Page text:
Thick smoke has covered parts of Singapore and Malaysia after a series of illegal forest fires in Indonesia. Officials in both countries have advised residents and those on holiday in Malaysia and Singapore to stay indoors as the smog is expected to reach “unhealthy” levels over the weekend.
Air pollution in some of Singapore’s most popular tourist destinations has reached dangerous levels due to the illegal forest clearing fires. The usually clear country has seen its pollutant standards index reach its highest level in nearly seven years, affecting tourist areas such as the Marina Bay Sands and the Singapore Flyer.
The thick smoke is expected to hit the Malaysian capital of Kuala Lumpur over the weekend, affecting numerous tourist destinations in the city. Tourists and locals have been advised to stay inside for the next few days as pollution levels reach dangerous highs.
"Given the current hazy conditions, it is advised that children, the elderly and those with heart or lung diseases reduce prolonged or heavy outdoor activities," said Singapore's National Environment Agency in a statement. "Everyone else should limit prolonged or heavy outdoor activities."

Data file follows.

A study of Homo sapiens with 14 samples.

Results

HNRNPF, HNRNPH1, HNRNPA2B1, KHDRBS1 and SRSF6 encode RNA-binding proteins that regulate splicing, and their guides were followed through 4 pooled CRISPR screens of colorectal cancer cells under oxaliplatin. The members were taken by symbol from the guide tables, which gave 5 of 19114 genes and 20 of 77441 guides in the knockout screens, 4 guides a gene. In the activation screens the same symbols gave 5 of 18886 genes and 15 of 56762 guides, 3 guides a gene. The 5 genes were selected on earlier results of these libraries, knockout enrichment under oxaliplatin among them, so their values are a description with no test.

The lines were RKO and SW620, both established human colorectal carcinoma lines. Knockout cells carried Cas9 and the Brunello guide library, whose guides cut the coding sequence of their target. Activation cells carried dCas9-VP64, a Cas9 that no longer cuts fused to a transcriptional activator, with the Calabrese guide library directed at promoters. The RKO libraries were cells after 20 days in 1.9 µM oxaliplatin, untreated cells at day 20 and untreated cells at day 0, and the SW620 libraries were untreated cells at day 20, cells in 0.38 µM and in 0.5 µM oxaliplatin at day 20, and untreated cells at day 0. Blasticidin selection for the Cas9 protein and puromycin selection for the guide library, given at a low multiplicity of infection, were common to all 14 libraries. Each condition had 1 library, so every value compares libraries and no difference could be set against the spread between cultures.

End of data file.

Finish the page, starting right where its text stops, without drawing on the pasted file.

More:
The smoky haze has been caused by forest fires on the island of Sumatra in Indonesia. Both countries are urging Indonesia to do something to prevent the illegal fires, as the smog continues to affect Singapore's and Malaysia’s tourism industries.
The last time a haze has been this bad in the two countries was in 1997, when thick smog was created by similar fires on the island. Since then a ban has been agreed in ASEAN countries to prevent such fires, but the law has been largely ignored in Indonesia.